Model with reduce_sum takes too long

Hello all. After implementing the within-chain parallelization with reduce_sum in cmdstanpy (with your help), I reached a dead end. My model is pretty complicated (attached) and I fit a lot of data, and even if I run it on many cores (now 25) it takes unreasonably long time to fit (it’s stuck in warmup for two days already). I tried different ways to parallelize and improve the process, but to no avail and I am out of options.
Any suggestion how to improve it, to make it faster or anything will be highly appreciated.
I am using cmdstanpy with cmdstan 2.24, centOS7, g++ 9.3.0.

Thank you!

model_parallel.txt (18.7 KB)

UPDATE - how big is my model? I have ~25k parameters and a bit more than 2 million observations.

That’s huge! Did you measure your speed ups on smaller problem sizes first? Do you have a sense for how long this will take with a single core?

Yes it is :) I was building it during the last few months. I was running it on small N of 8-10 on a similar number of cores and it finished within 20 hours. N=20 on 20 cores scaled up to 40 hours. And these are just small portions of my data. Single core processing of N=15 took ~70 hours for the fastest chain (6 days for the last chain). So I think something can be done better with the parallelization, but I am really not sure what. Vectorizing the loops within reduce_sum didn’t give much speed gain.

Usually vectorization is super important. If that does not help, then things are odd to me.

Anyway, you should try to

  • slice parameters used per group; so if your model is a hierachical one, then slice all the parameters needed per group
  • parameters in the shared arguments list is very expensive, since it’s copied for every call of the partial sum function (hence, slice the parameters as appropriate for your model).
  • having data in the share arguments is cheap, because its handled by reference (no copy)

Other than that make sure the model runs efficient without reduce_sum first, then go to reduce_sum… I hope that is what happened in your case.

You mean I should pass all the arrays I want to slice before I pass grainsize in the partial_sum?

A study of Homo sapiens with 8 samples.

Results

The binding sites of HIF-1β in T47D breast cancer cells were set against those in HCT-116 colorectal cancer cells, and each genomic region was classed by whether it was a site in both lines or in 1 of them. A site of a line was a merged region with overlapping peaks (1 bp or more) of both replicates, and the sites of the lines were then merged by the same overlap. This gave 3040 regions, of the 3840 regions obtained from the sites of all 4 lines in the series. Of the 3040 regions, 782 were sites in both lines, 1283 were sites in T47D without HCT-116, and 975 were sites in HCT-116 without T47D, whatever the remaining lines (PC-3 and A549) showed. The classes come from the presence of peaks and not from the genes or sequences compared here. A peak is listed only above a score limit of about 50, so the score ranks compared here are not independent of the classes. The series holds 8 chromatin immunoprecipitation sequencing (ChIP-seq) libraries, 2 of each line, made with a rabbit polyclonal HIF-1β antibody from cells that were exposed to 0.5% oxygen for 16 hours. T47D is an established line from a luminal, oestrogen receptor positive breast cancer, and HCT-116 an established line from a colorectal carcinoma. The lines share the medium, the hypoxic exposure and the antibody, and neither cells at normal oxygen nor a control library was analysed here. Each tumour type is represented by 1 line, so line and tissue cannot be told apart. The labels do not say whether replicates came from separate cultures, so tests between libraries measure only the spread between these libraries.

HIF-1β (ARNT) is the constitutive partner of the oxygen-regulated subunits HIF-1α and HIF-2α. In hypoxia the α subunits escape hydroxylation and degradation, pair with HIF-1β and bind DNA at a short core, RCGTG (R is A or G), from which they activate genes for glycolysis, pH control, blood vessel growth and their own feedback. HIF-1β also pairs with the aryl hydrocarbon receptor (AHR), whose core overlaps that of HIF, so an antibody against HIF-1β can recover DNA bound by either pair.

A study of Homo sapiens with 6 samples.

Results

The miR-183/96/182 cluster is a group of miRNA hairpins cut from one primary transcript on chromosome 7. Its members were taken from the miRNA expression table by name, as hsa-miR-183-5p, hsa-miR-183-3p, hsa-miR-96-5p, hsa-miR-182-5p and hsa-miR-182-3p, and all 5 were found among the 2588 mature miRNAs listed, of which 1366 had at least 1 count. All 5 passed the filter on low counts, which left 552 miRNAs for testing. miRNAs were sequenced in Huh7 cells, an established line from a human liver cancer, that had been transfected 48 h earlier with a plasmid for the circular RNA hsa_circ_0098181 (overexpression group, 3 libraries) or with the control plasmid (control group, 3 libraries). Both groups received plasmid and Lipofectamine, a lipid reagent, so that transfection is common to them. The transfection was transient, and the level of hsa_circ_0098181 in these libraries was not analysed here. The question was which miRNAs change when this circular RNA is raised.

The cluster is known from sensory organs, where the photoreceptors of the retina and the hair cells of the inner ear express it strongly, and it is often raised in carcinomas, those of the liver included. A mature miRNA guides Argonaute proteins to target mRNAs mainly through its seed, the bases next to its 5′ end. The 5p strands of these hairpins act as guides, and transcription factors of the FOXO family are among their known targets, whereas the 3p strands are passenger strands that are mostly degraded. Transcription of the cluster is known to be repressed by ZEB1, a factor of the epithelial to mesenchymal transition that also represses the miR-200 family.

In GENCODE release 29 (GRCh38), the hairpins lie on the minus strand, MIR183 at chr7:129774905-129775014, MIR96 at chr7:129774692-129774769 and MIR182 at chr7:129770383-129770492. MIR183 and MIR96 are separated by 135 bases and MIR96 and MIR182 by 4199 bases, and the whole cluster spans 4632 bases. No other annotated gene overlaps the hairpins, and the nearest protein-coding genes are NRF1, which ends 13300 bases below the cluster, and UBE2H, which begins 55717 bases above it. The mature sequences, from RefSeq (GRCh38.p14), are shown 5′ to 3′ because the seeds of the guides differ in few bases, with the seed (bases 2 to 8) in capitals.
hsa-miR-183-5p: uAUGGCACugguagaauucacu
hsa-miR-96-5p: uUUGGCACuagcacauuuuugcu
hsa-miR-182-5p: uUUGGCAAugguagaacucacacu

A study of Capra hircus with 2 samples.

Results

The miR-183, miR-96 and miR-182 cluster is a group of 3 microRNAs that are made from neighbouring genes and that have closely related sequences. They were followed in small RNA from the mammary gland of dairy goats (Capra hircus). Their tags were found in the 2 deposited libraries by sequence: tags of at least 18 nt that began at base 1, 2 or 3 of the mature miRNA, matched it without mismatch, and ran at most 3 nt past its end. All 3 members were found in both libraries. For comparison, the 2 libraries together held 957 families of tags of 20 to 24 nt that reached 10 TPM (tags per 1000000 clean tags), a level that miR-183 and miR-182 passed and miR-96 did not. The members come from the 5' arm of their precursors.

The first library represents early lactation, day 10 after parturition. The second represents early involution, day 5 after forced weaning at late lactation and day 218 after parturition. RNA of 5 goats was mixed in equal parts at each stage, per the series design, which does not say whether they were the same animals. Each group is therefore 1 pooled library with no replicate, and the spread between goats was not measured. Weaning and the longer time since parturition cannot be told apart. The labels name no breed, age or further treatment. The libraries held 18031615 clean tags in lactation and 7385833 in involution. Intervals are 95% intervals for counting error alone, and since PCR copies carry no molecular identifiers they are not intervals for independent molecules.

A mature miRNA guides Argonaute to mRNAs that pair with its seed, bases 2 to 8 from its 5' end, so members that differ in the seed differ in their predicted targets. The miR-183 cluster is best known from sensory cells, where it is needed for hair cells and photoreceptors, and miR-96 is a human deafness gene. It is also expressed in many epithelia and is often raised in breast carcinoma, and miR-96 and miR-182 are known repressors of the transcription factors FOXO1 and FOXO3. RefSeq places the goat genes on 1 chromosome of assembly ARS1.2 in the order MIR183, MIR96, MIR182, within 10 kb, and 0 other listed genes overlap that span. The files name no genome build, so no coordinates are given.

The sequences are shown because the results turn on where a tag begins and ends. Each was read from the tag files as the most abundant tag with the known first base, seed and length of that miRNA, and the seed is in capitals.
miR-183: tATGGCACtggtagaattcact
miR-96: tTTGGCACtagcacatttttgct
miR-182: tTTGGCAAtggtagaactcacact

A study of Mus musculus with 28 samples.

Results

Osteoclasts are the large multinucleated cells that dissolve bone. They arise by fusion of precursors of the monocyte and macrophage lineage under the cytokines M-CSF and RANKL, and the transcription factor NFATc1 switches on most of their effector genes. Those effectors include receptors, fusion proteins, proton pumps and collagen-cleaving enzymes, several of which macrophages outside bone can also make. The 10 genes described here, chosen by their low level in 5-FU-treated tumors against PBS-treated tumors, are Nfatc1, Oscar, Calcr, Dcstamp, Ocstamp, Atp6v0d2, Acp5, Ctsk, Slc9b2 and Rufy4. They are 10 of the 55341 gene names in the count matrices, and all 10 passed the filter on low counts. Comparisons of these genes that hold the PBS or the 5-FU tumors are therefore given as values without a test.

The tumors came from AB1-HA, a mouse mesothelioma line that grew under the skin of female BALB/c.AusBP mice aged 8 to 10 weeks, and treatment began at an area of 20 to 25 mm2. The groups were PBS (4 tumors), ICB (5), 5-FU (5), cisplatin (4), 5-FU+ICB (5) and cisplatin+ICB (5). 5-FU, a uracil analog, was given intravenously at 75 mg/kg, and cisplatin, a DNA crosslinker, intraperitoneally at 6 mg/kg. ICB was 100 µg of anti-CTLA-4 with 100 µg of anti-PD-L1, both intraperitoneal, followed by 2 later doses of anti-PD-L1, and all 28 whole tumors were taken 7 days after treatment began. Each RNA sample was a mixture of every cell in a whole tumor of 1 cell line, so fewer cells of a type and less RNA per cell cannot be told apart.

Based on the tests I run, the serial version would take more than a month for the full dataset. I am not sure what counts as efficient here, but this is what I;ve got after optimizing each part of my model separately. That’s where I started to implement multithreading.

I guess not always.

This version with a for loop:

for(i in 1:N) {
   y[i] ~ normal(mu[i], sigma);

is massively slower as opposed to

  y ~ normal(mu, sigma);

Now, building up a large mu vector using a for loop is ok, but definitely not calling out by element to the lpdfs.

I vectorized these loops where possible in the partial_sum function, but didn’t see significant speedup. This was odd to me, but I left it vectorized.

you mean something like this?

for (w in 1:W) {
    target += reduce_sum(partial_sum, parameters1[,w], parameters2[,w], grainsize, data1[,w], data2[,w])	

I wish this was possible, but it goes against partial_sum function signature.

No. Never call many reduce sum like this if you can avoid it.

Can u annotate your model to see where the 25k params and all that data is? Somehow easier to read model would be nicer.

Now I see that you do have a for loop calling multiple reduce sum…that’s not efficient. As a workaround you could try to nest reduce sum calls as a start, but it would be a lot better to have one single layer of reduce sum only.


model_parallel.txt (19.4 KB)

Yes, this was one of my latest tries that also was not successful. Initially I parallelized over N by using reduce_sum_static with grainsize=1 - that is each participant will get a core. But it also was very slow.

Now I see that you meant the loop over W . This is unavoidable bc I am modeling a dynamical process. So there is no solution to it?

How big is N and W?

I would expect that each subject (out of N) is independent of all the others, right? It‘s just that per subject things are correlated over time, the weeks. Is that how your model works?

yes, exactly. Except for dynamic variables (eg., X) that are shared across subjects. My N is ~100 and W is ~10. You wrote earlier to use a nested version of reduce_sum is an option. What did you mean by it?

Then you should really rewrite the model such that you form partial sums over subjects. So how about this plan:

  • rewrite the model so that it is of the form
    for( i in 1:N ) target += subject_log_lik(... subject i ...);

  • then you write a function forming partial sums over multiple patients

  • finally you use use reduce_sum

As a last step you can try to slice all those parameters per subject. So the first argument which gets sliced becomes an array of dimension a[N,…] and this contains for a given subject all your parameters needed which are specific to the subject to calculate his log-lik.


Sorry for being so slow… You mean I should put the loop over W inside this

for( i in 1:N ) target += subject_log_lik(... subject i ...); ?

If yes, I am not sure I can do that. Some of the parameters are subject-specific, but some parameters are shared across subjects and are updated dynamically with the progression of W.